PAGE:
Recently I had some fun with playing with Ubuntu on the Orange Matchbox, a Raspberry PI2 in a pretty Ubuntu case, preloaded with Snappy Ubuntu Core.
… and what would be better suited for that as having a try with guh on it. If you haven’t heard about guh (gear up you home) yet, it’s basically an open source plugin-based home automation server with a sophisticated if-this-than-that framework. For more details check out the guh wiki and the guh tune website.
So far guh has been targeting Ubuntu and I felt like it’s about time to give it a try on Ubuntu Snappy. With the Orange Matchbox running the latest Ubuntu Snappy release, it was much easier than expected to get all the things up and running on it. The short story is that I used the Ubuntu SDK and a 15.04 click chroot to cross compile things. After all click and snappy seemed similar enough to me. When it failed building the click package I went to the build directory and called “snappy build” on it instead of the “click build” command that the Ubuntu SDK usually runs. Here’s the diff that was required to completely cross-build and deploy guh-core to a folder that can be packaged up: github link. On top of guh-core there’s a webserver providing a RESTful API. As it’s written in go it was similarly easy to get a cross-built armhf binary and copy that to the package directory. Python seems to be preinstalled on the snappy core, so the guh-cli tool could also just be copied into that folder and everything was in place. While much of this is quite hacky and surely not the final solution, it also shows how easy it can be to create snaps of somethings.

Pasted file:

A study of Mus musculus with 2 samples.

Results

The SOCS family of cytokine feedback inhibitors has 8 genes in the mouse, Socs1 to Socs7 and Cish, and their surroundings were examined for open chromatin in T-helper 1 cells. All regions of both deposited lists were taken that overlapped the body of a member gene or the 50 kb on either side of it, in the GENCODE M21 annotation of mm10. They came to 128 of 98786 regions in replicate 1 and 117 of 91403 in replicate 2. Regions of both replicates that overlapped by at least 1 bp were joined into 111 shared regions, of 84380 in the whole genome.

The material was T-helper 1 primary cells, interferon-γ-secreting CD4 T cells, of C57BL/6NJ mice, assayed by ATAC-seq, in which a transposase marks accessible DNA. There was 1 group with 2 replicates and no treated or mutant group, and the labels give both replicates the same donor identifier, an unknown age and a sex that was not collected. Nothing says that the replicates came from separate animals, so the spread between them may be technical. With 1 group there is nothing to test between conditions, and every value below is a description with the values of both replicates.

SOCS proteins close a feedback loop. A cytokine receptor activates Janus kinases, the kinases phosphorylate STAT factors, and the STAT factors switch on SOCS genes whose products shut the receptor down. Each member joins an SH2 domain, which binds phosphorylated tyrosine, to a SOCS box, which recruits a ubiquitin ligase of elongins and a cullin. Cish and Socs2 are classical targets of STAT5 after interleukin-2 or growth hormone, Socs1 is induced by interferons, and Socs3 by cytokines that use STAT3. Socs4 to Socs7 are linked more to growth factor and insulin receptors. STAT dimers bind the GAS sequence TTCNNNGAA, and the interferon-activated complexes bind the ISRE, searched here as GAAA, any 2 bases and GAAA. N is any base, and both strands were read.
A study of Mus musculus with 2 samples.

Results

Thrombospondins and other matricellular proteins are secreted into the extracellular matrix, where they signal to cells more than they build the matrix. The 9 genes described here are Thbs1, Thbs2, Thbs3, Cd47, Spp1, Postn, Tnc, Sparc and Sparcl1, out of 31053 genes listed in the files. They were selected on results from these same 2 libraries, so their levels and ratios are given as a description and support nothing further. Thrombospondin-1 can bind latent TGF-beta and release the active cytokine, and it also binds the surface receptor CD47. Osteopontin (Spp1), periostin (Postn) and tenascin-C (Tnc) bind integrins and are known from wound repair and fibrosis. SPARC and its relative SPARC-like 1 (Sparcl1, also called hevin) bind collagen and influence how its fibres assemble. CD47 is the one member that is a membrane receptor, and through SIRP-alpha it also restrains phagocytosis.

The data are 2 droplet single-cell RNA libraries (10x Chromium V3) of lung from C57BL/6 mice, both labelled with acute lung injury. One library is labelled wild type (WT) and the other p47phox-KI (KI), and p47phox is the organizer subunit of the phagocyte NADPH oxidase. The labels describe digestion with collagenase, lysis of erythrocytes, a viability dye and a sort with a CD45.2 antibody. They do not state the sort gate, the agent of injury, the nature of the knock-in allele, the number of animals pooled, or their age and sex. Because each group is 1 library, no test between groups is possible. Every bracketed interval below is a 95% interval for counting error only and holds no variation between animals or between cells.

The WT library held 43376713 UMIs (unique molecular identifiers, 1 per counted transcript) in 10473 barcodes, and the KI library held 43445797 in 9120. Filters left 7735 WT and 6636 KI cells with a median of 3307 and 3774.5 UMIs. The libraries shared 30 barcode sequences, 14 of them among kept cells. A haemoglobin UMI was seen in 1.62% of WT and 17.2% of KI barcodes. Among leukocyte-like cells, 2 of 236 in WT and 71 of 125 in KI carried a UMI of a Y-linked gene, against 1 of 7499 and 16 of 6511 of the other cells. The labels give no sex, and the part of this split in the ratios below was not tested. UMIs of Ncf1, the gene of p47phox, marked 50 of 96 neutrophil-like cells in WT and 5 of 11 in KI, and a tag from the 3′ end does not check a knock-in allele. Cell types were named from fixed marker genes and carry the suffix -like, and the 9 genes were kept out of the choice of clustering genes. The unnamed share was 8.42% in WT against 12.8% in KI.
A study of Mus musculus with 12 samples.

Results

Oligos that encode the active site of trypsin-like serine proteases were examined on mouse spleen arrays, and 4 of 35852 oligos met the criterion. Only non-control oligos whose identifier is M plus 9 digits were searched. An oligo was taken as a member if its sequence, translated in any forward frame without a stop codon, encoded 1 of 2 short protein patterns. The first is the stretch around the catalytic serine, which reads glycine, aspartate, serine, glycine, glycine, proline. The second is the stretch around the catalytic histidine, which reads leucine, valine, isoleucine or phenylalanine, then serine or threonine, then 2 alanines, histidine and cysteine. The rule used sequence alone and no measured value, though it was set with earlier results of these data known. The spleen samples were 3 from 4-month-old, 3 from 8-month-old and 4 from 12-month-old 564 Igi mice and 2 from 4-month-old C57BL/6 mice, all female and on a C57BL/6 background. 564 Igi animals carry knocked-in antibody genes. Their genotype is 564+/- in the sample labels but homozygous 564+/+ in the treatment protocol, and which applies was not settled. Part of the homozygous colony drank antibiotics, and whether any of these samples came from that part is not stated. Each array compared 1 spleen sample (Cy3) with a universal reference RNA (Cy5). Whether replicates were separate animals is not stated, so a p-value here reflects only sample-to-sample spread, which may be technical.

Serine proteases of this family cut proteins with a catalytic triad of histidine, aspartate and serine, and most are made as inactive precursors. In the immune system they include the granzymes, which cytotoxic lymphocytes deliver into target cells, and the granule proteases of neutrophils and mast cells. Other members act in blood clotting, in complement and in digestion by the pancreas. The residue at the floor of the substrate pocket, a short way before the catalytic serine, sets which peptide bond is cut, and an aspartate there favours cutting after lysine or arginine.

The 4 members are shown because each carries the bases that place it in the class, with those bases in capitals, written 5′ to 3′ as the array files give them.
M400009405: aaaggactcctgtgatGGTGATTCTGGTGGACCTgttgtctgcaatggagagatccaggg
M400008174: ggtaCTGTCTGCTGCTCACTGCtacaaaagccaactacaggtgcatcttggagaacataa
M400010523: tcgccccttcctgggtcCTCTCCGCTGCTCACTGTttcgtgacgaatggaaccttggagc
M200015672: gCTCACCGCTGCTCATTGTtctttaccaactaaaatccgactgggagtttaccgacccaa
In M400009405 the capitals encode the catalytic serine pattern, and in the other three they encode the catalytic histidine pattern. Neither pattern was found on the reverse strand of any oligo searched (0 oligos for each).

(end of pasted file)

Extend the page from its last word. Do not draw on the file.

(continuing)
We’ll try to get the guh package into the snappy store. Before that we still need to figure how to deal with permissions. Given that guh can interact with different hardware but snappy apps/services are confined we might hit some obstacles. Also we want to get a multiarch package ready which seems to be really easy at this point as compiling for x86 is easier than cross-compiling and the snappy magic is mostly in place already. For now you can try the unconfined armhf based snap package for guh here. Even though this are first steps with snappy, it should be quite functional already.
After installing, the guh.guhd service should autostart and you can immediately use guh.guh-cli to configure your system. You can also have a glance at the webinterface, which will be running on port 3000, but keep in mind that it is quite limited for now. An app for Android is on the way too and will be published soon. It is written with cordova and I have already given it a try to port it to the Ubuntu phone, but I failed so far. If you have some experience with cordova, it would be great if you could try your luck on this repository.
After I’ve been bootstrapping guh on snappy, by now, Simon, the upstream guh developer has taken the lead already and went ahead to clean up things, preparing a snappy tools repository for guh. In there you should find the latest and greatest to build guh for snappy yourself.
Please join us in IRC channel #guh on freenode to give feedback and if you have questions or would like to help out with snappifying it and or porting the cordova control app to Ubuntu. If you think guh would be perfectly suited for your home, but doesn’t yet support some hardware you need, check out the plugin developer and other guh api docs.